Chris Fearne excludes attending Christmas party thrown by a member of the judiciary

Opposition MP Jason Azzopardi continues to ask ministers whether they, and public officials under their wing, attended a Christmas party organised by a member of the judiciary

Chris Fearne has told PN MP Jason Azzopardi that he did not attend any Christmas parties organised by a member of the judiciary
Chris Fearne has told PN MP Jason Azzopardi that he did not attend any Christmas parties organised by a member of the judiciary

Deputy Prime Minister Chris Fearne has excluded attending any party organised by a member of the judiciary last December in a reply to a question by Opposition MP Jason Azzopardi.

Fearne dished out the standard reply that all government ministers so far have given Azzopardi to his question over a Christmas party supposedly organised by a member of the judiciary last December, by insisting the question was in breach of parliamentary rules.

However, like the Prime Minister did last week, Fearne denied attending any such party himself.

The Nationalist Party MP has been asking every minister and parliamentary secretary whether they attended any party organised in a private residence by a member of the judiciary in the “limits of Siġġiewi and/or Żebbuġ” last December.

The question also asks whether top public officials, who fall under the wing of the relevant ministers, also attended the party.

However, in what is a standard reply, ministers have insisted the question is in breach of parliamentary standing orders.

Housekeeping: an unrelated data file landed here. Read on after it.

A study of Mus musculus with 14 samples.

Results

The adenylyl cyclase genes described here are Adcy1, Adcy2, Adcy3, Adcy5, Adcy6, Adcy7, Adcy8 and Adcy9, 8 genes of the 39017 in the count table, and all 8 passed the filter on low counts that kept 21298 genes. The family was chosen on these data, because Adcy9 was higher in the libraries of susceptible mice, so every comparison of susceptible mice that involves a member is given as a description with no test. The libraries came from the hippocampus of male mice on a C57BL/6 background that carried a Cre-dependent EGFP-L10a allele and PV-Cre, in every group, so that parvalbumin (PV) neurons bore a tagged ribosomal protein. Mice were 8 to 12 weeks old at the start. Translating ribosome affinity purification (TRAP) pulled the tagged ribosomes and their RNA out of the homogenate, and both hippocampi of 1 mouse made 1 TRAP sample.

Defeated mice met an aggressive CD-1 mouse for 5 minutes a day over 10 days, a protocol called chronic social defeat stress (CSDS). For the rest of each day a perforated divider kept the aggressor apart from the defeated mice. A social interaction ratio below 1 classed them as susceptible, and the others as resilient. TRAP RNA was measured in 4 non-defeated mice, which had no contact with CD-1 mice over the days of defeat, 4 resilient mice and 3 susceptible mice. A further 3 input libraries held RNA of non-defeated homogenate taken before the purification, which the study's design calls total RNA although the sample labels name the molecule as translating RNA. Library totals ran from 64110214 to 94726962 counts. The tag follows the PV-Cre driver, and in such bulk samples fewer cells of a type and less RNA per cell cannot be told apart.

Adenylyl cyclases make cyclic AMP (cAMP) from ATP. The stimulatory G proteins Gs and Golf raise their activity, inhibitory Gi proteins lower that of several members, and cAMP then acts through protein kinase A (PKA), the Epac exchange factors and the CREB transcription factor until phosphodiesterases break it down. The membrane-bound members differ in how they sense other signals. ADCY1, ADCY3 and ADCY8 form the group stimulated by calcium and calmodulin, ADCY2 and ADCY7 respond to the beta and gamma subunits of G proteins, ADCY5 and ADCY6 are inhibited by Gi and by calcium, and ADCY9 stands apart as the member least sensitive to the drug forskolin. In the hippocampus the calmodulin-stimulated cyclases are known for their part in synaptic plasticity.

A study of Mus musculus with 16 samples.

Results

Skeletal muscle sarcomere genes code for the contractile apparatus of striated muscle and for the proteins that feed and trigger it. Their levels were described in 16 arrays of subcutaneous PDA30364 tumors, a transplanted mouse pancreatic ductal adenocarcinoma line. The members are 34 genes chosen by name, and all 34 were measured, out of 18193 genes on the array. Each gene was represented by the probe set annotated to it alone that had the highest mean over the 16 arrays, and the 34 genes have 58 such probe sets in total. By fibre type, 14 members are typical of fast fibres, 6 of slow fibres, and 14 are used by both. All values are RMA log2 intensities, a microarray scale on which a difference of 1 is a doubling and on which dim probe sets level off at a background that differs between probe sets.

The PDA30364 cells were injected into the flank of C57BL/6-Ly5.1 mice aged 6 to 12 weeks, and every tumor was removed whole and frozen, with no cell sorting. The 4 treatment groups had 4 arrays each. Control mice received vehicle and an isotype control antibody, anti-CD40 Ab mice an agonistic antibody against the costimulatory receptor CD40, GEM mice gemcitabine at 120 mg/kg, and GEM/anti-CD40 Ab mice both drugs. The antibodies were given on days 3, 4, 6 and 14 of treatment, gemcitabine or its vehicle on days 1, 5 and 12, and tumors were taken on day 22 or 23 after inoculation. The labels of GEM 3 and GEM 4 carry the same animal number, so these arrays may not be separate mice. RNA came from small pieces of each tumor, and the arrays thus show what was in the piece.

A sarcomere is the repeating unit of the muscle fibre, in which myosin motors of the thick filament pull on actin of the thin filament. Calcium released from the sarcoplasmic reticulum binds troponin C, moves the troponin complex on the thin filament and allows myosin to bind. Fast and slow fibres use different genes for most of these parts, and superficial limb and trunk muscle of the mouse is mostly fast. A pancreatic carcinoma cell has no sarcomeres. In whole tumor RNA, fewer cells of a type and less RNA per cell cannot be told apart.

In a ruling delivered last week, Speaker Anglu Farrugia said it was not his remit to scrutinise the replies given by ministers. The responsibility for the replies lies with the ministers, he insisted, quoting parliamentary practice. "Irrespective of whether the Speaker feels that the content of the replies indicated by Jason Azzopardi is inadequate or not, the Speaker cannot in any way regulate the content," Farrugia said.

READ ALSO: PM won’t tell Jason Azzopardi whose Christmas parties public officials attended last year

In today’s parliamentary sitting, it was the turn of Foreign Minister Carmelo Abela, Environment Minister Jose Herrera, and parliamentary secretaries Clint Camilleri, Silvio Parnis and Deo Debattista to reply.

Last week Joseph Muscat excluded attending any such party but insisted the personal nature of the parliamentary question was in breach of standing orders.

The standing order quoted by the government side states that a parliamentary question “shall not contain any argument, opinion, inference, imputation, epithet or ironical expression” and that “a question shall not be asked as to the character or conduct of any person except in his official or public capacity”.

The government side contends that the question contains the imputation that the ministers, or persons who manage departments which fall under their ministry’s remit, were privately hosted by a member of the judiciary.

“Moreover, the question posed relates to a person doing something which wasn’t in the context of their official or public role,” the standard reply continues.